Midwife | Youth Central

Ann, late 50s

How did you become a midwife?

For Ann the decision to become a midwife was all in the family. "My grandmother was a nurse, my mother was a physio, my father was a radiographer, so I guess hospital work appealed to me," Ann says. She's been a midwife for over 30 years and currently works at a country hospital, which delivers 400 babies a year.

All those deliveries must add up to a lot of babies delivered over the years. "I've never kept track," Ann laughs. "Any new midwives I meet I advise them to keep a record, because it would be so lovely to look back on that."

To become a midwife Ann studied first as a nurse then specialised in midwifery by training at Adelaide's Women's and Children's Hospital, which is the state's biggest birthing centre. She believes she got a solid medical background from her nursing qualification that helped her to specialise as a midwife. "Otherwise, you've done all the theory, but it's hard to put that into practice."

What does a midwife do?

"It's happy work and basically people are appreciative of what you do," Ann smiles. "Sometimes they're surprised by how much a midwife does and how little a doctor does during a delivery."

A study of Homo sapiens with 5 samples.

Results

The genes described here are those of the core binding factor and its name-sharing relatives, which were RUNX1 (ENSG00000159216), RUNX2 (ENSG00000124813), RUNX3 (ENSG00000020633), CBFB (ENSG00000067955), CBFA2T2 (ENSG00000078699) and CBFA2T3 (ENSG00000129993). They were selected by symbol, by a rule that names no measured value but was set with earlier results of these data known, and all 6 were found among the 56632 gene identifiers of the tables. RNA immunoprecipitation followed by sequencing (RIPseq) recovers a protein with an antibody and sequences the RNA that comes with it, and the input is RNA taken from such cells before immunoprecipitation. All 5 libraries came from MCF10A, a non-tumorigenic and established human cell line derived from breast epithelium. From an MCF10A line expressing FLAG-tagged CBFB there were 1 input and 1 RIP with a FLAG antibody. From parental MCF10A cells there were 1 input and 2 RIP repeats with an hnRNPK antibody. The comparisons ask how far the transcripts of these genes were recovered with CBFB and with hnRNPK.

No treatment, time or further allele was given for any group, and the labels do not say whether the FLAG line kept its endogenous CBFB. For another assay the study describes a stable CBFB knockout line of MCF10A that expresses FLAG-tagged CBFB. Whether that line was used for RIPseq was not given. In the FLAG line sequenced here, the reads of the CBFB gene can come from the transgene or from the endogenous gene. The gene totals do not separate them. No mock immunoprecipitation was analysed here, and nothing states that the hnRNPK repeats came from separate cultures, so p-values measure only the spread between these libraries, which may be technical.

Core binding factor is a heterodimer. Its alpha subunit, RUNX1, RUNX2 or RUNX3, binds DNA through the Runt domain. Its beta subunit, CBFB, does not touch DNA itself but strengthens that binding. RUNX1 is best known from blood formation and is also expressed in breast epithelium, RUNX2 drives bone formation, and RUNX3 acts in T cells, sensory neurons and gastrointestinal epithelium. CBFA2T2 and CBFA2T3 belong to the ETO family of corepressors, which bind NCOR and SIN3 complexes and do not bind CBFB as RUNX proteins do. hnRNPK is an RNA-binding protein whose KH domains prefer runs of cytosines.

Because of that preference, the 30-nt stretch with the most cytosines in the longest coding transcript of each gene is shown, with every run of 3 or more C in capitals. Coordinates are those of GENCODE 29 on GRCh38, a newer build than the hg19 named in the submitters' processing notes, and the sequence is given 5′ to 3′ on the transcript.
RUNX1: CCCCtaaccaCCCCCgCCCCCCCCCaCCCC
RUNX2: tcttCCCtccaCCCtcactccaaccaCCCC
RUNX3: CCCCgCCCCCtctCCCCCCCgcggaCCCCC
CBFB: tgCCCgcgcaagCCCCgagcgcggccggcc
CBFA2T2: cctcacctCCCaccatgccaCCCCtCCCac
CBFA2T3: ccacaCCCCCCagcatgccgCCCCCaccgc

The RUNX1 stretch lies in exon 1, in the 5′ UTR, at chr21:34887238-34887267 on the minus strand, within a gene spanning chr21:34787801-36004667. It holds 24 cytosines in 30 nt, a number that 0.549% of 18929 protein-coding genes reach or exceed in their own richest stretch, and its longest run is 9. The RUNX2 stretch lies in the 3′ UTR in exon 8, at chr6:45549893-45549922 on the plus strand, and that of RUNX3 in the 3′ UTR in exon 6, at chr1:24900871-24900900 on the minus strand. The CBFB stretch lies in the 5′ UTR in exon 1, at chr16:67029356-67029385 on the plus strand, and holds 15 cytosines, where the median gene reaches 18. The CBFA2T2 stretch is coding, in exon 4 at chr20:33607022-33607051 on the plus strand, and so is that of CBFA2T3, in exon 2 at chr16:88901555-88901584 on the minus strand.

While it's rewarding work, midwifery is also very labour intensive. "The case load is one-to-one, so you have to have one midwife to one labouring lady and another midwife will take any mid-related patients, whether they are ante-natal or post-natal patients."

Midwives also take care of newborn children as well as look after mothers who might have health conditions.

What are some of the pros and cons of the job?

For Ann midwifery allows her a fair degree of flexibility. Her hospital is self-rostering, so she can choose her shifts based on her other commitments "I work nightshift, because I like the independence. I can't even imagine doing a 9-5 job and having to collect children from school, cook tea and do all that."

While many midwifes are women, the profession is open to men and Ann reckons men are often well regarded by patients: "The women that do have them have loved them just as much as a female carer." It's also a profession that knows no international boundaries as Ann says, "You can go straight to America and work or England, even Europe without having to have any other qualifications."

For a veteran midwife like Ann, one of the biggest thrills is delivering the babies for parents that she originally delivered herself all those years ago, so she has two generations of deliveries. "You don't really remember them as a baby, and their mother might say "Is so-and-so still in the hospital?" and then they'll seek you out to say "You delivered me!" Ann laughs.

Find out more about this career path at myfuture.edu.au (Note: free registration is required to access the myfuture site).